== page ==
Bank of America Corp. is considering options for its main proprietary-trading desk that include a sale of the business as the giant bank prepares for regulatory changes in the U.S., according to people familiar with the situation.
The Charlotte, N.C., company is weighing the future of the $3 billion desk run by former Merrill Lynch & Co. fixed-income chief David Sobotka, these people said. Among the ideas circulating about the lucrative but relatively small trading operation are to sell the unit or reassign its traders to different parts of the company.
Potential buyers for the trading desk could include private-equity or hedge-fund firms that have fewer restrictions on their trading, one of the people briefed on Bank of America's deliberations said. No decisions have been made, and Bank of America hasn't approached possible buyers, one of the people said.
Bank of America inherited the proprietary-trading desk as part of its purchase of Merrill in 2009.
The discussions come amid a wider reassessment of proprietary-trading units at Wall Street firms such as Goldman Sachs Group Inc. and Morgan Stanley. During the next several years, banks affected by the financial-overhaul legislation signed into law by President Barack Obama last month will have to wind down or curtail their trading businesses.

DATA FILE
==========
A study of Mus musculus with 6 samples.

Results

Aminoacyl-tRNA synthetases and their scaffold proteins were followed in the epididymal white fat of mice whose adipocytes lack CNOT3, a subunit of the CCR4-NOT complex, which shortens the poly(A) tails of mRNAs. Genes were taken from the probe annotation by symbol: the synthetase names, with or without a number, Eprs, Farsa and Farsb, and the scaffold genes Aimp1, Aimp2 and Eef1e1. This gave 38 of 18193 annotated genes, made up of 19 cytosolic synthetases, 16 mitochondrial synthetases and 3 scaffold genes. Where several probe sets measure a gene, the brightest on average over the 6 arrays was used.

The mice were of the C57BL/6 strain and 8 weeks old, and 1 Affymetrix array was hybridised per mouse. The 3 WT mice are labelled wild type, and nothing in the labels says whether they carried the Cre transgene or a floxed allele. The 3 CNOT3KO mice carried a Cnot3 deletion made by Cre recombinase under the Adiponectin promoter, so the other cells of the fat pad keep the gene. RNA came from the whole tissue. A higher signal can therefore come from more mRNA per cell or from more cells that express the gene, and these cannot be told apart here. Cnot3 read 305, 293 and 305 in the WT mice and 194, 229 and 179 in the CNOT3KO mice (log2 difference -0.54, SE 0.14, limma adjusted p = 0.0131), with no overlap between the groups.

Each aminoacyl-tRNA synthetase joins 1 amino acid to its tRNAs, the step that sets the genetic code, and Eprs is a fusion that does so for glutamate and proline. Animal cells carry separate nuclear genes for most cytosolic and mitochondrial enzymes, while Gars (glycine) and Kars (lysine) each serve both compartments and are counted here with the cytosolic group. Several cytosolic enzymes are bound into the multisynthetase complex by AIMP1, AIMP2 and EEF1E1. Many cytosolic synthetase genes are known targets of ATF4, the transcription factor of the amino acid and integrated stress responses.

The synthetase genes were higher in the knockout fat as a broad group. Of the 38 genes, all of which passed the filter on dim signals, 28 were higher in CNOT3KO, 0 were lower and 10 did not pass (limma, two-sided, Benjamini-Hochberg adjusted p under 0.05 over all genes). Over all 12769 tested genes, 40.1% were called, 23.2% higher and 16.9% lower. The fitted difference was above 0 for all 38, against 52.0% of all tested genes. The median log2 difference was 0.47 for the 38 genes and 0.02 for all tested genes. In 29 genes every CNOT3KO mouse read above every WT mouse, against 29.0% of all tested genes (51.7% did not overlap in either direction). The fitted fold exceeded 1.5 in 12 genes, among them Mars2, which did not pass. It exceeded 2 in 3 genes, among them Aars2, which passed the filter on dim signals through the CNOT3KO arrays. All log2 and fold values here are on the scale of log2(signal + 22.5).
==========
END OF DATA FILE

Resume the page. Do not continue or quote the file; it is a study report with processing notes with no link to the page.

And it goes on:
Banks will have to limit bets made for their own accounts, though many details about how the restrictions work are being left up to regulators. The so-called Volcker Rule also limits bank investments in hedge funds and private-equity vehicles.
Goldman is likely to shutter its famed proprietary trading unit, known as Goldman Sachs Principal Strategies, according to analysts. The firm is highly unlikely to spin off the fund, said a person familiar with the matter.
At Morgan Stanley, the company's Process Driven Trading unit might be spun out over several years, with the company maintaining a minority stake at first, according to a person familiar with the matter.
The PDT unit, which has generated billions of dollars in revenue over the past decade, could be moved to Morgan Stanley's investment-management division, this person added. A decision could be made as early as next month.
Bank of America recently agreed to reduce its private-equity exposure by selling about $3 billion in funded and unfunded private-equity commitments to French firm AXA Private Equity and other investors. The deals will reduce by about half the overall size of Bank of America's private-equity holdings, which stood at $6.4 billion as of June 30.